The War on Drugs Means Big Business for Drug Treatment Execs


The War on Drugs Means Big Business for Drug Treatment Execs

One of the biggest reasons so many law enforcement agencies and other related anti-drug organizations want to maintain the War on Drugs is that it generates huge profits for all sorts of people.

From seizing assets under civil forfeiture law to fueling the multi-billion-dollar-a-year mass incarceration industry, a surprisingly large and diverse group of organizations and companies have found ways to benefit from the criminalization of drugs.

And since marijuana is the most widely used illegal substance, anti-marijuana laws are particularly lucrative.

Now, investigative reports coming out of Maricopa County, Arizona have detailed the specific ways that anti-marijuana laws in the Grand Canyon State generate big time profits for a few people, while many more end up footing the bill.

According to Ray Stern, who writes for the Phoenix New Times, current anti-marijuana laws in Arizona make cannabis possession without a medical marijuana card a felony.

Once a person is arrested for marijuana possession, they can either face conviction or participate in a program conducted by a “non-profit” drug treatment corporation called the Treatment Assessment Screening Center, better known to Arizonans as TASC.

“Defendants pay up to $1,300 for the program, which includes a mandatory drug-treatment lesson and up to six months of urine testing,” Stern explained.

“Defendants who decline to take the deferred-prosecution deal, and those who fail the urine tests—and, therefore, the TASC program—are prosecuted for a misdemeanor and usually given probation.”

And here’s where things start looking a little shady, especially for anybody concerned with the War on Cannabis.

While TASC is designed to include those who violate the full range of drug laws—people caught with cocaine, heroin, or other hard drugs can also get out of a conviction by completing a TASC program—marijuana offenders make up the huge majority of TASC participants.

In fact, Stern found that from July 1, 2014 to July 1, 2015 there were 3,160 offenders referred to TASC and 2,356 of them were in for marijuana possession.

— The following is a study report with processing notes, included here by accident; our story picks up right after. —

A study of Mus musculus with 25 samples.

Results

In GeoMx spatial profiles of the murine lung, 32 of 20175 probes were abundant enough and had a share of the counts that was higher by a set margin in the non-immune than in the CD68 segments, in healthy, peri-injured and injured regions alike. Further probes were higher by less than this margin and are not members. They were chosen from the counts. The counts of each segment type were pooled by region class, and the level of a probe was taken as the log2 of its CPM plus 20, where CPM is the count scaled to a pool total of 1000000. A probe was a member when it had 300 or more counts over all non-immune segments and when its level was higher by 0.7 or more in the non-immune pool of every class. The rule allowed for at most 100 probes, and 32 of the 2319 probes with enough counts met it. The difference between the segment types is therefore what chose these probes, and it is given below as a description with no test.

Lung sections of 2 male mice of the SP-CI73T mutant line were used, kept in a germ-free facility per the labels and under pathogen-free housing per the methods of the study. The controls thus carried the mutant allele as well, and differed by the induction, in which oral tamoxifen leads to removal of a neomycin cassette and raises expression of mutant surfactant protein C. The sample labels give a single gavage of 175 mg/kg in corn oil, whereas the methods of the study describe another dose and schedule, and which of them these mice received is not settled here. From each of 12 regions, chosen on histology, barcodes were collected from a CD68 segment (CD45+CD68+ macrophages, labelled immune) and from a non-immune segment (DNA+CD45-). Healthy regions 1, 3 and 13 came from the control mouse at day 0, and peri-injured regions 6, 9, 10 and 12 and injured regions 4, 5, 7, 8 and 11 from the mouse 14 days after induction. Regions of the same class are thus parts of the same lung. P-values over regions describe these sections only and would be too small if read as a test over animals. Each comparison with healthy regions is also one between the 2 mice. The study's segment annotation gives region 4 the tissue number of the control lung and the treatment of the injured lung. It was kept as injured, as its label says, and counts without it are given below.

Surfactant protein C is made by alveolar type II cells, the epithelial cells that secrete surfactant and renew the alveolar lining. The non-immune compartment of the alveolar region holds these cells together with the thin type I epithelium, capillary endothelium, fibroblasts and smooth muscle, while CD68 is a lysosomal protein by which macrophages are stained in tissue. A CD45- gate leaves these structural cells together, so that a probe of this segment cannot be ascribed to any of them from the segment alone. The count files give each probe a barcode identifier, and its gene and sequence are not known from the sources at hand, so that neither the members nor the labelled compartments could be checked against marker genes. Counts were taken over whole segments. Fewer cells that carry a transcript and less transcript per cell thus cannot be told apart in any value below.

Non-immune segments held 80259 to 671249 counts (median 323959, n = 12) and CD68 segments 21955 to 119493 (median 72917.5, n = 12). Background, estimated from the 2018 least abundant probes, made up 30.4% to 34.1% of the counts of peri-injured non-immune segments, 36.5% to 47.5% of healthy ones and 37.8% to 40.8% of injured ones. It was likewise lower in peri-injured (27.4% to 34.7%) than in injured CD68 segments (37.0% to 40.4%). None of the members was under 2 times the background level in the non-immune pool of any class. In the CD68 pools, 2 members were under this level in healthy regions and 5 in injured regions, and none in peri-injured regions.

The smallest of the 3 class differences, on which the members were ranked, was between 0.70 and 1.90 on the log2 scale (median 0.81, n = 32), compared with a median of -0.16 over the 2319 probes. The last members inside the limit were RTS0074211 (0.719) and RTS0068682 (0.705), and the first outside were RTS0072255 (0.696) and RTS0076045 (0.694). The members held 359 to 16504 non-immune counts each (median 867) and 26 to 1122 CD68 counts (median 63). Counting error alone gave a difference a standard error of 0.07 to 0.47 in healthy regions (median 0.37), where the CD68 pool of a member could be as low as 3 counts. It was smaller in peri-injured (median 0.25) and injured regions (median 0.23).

That means that marijuana users generate 75% of TASC’s overall business—and it turns out that business is pretty lucrative for a few high-ranking executives.

According to Stern’s investigations, TASC was hired to run the program by former Maricopa County Attorney Rick Romley back in 1989. One of Romley’s own men—Larry Cronin, who at the time ran the county’s Assets and Forfeiture Bureau—helped found and launch TASC.

Barbara Zugor, who was CEO of TASC until 2014, made between $360,000 and $476,000 annually. Her husband, another TASC executive, pulled in $140,000. TASC’s new CEO reportedly makes at least $133,475 a year.

In 2013, TASC had somewhere around $18 million in net assets.

And fueling the entire machine is all those low-level, non-violent marijuana offenders. No wonder so many law enforcement officials and anti-marijuana spokespeople are working to vilify cannabis—if marijuana becomes legal, they’re going to lose a lot of very profitable business.

The profit-generating collusion between Arizona’s anti-marijuana laws, law enforcement agencies, holding facilities, and privately operated drug treatment facilities is just one example of how the War on Drugs actually operates. But it helps paint a clear picture of what’s really at stake for those trying to preserve outdated cannabis prohibition laws.